RIMPAC exercise to use aluminum trimaran, drone

By WILLIAM COLE | The Honolulu Star-Advertiser | Published: May 22, 2014

HONOLULU — The evolving nature of warfare will be on display in this year's Rim of the Pacific war games off Hawaii in late June and through July.

The littoral combat ship (LCS) USS Independence, three unmanned aerial vehicles and two hospital ships will take part in the big interoperability exercise involving 23 nations, 48 surface ships, 6 submarines, more than 200 aircraft and 25,000 personnel.

NASA's MQ-9 Ikhana, a Predator B unmanned aerial vehicle, will be integrated into the war games as the United States moves toward greater use of unmanned systems.

The Predator, flying out of the Pacific Missile Range Facility on Kauai, will provide range clearance and intelligence, surveillance and reconnaissance, said Capt. Darryn James, a spokesman for U.S. Pacific Fleet.

The Navy said it's the first time unmanned aerial systems will be included in RIMPAC scenarios. A small Switchblade UAV was launched from a submarine as part of limited experimentation during RIMPAC 2012.

The 418-foot, all-aluminum trimaran USS Independence out of San Diego will make its first RIMPAC appearance as a late addition to the U.S. ship lineup.

Two classes of the LCS are being built and represent the backbone of the Navy's near-shore effort, but the ships have been criticized domestically as being too lightly armored and armed.

Defense Secretary Chuck Hagel cut back the program from 52 to 32 ships and asked for improvements or an alternative design. On Wednesday, Chief of Naval Operations Adm. Jonathan Greenert said improvements could be made over time to the LCS, a specialized warship that he called a "very transformational concept."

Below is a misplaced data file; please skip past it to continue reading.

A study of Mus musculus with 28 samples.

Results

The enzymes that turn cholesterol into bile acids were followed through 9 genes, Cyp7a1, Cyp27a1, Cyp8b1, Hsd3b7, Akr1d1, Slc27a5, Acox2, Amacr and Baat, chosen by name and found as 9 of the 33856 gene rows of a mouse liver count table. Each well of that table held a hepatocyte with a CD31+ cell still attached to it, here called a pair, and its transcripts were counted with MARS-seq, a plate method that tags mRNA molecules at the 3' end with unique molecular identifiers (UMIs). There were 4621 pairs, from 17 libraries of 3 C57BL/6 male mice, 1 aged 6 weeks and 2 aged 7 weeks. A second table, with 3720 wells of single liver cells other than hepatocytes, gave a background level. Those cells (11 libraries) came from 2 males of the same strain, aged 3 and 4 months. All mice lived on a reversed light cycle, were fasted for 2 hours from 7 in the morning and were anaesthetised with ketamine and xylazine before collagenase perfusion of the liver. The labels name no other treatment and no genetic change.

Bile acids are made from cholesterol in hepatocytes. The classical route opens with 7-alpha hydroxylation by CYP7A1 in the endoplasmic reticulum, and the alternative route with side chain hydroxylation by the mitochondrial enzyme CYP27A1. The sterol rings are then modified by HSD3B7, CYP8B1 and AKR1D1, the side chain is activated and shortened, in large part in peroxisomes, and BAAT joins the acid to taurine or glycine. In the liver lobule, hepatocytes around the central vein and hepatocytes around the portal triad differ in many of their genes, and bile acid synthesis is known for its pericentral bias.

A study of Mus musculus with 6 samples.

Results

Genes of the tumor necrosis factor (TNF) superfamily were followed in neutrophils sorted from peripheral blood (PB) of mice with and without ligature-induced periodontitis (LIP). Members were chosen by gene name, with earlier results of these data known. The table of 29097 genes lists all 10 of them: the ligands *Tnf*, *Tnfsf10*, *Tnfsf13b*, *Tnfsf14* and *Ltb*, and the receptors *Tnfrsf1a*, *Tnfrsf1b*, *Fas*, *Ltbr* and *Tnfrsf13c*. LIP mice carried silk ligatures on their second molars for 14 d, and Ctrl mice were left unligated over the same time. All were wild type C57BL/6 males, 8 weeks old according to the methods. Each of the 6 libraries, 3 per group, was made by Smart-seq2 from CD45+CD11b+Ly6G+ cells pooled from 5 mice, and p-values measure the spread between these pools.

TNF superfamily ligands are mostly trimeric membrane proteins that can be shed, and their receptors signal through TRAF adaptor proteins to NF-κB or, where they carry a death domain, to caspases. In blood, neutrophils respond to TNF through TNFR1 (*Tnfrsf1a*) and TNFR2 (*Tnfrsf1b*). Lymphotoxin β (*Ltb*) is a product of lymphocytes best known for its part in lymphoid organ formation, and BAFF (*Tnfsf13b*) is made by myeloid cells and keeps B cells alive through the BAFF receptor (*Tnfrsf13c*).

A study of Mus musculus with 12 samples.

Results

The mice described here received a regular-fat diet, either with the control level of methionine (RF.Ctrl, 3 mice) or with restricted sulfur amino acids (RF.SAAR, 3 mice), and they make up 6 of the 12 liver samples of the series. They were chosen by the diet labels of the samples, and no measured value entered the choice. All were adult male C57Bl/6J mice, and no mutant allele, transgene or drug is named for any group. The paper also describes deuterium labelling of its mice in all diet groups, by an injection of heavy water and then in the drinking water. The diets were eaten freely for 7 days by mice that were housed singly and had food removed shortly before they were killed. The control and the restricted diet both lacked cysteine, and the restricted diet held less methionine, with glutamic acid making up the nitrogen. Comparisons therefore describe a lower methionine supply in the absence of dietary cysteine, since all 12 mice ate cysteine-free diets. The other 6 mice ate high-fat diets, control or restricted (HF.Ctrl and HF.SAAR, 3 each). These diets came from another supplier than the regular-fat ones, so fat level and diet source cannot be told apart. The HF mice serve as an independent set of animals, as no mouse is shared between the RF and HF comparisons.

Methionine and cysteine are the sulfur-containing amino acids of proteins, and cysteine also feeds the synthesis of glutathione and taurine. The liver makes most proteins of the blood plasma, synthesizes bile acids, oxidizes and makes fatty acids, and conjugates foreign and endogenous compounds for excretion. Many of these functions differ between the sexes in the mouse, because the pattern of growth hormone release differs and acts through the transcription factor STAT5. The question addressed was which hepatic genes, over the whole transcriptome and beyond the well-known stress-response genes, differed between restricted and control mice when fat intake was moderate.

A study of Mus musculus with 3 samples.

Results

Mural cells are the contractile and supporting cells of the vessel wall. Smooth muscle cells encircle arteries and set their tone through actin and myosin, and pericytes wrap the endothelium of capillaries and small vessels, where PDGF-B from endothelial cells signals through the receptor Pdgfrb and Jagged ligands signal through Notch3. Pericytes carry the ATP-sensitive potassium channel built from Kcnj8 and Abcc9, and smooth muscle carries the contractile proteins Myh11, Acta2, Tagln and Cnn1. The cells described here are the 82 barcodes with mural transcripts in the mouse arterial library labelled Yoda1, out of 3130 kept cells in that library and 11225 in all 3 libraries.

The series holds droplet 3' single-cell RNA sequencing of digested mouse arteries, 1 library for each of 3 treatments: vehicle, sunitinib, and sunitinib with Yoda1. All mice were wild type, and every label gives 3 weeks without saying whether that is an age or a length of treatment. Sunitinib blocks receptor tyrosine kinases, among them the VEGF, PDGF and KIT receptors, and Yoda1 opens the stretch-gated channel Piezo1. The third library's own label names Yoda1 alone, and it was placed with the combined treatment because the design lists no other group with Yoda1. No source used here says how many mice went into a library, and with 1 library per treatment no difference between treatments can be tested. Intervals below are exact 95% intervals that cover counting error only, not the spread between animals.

The ship remains very capable for a variety of missions, and Adm. Harry Harris, commander of U.S. Pacific Fleet, said he wants them.

"LCS provides flexible capabilities I need now and in the future and I want as many as I can get in the Pacific Fleet," Harris said. "LCS can go places other U.S. Navy ships cannot, operating hull-to-hull with regional allies and partners, and ready to provide sustained naval presence."

Harris noted that allies and partners got a chance to work with the LCS Freedom during last year's maiden deployment to Southeast Asia.

"So this is a great opportunity to show the second LCS variant (Independence) to the 23 nations participating in RIMPAC 2014, including our own sailors," he said.

The Freedom also participated in RIMPAC in 2010.

Harris added that an increased number of the ships "will become a regular fixture in the Pacific as a tangible demonstration of our commitment to the rebalance."

In addition to USS Independence operating during RIMPAC in Hawaii, the Navy also will also have another LCS, the USS Coronado, taking part.

"From the beginning of the RIMPAC 2014 planning process, we have looked for opportunities to involve our littoral combat ships," said James, the U.S. Pacific fleet spokesman. "Our RIMPAC plan has always included USS Coronado conducting mine warfare and dive training off Southern California. Similar to training we conducted during RIMPAC 2012, Southern California training ranges offer unique shallow water environments that mimic what participating forces may encounter when deployed."

Two military hospital ships also are participating in RIMPAC, the Chinese Peace Ark and USNS Mercy, reflecting a goal of working closer with China at sea and the continuous need to prepare for the next natural disaster in the Pacific.

The littoral combat ship (LCS) USS Independence approaches the B Street pier in downtown San Diego, Feb. 6, 2014.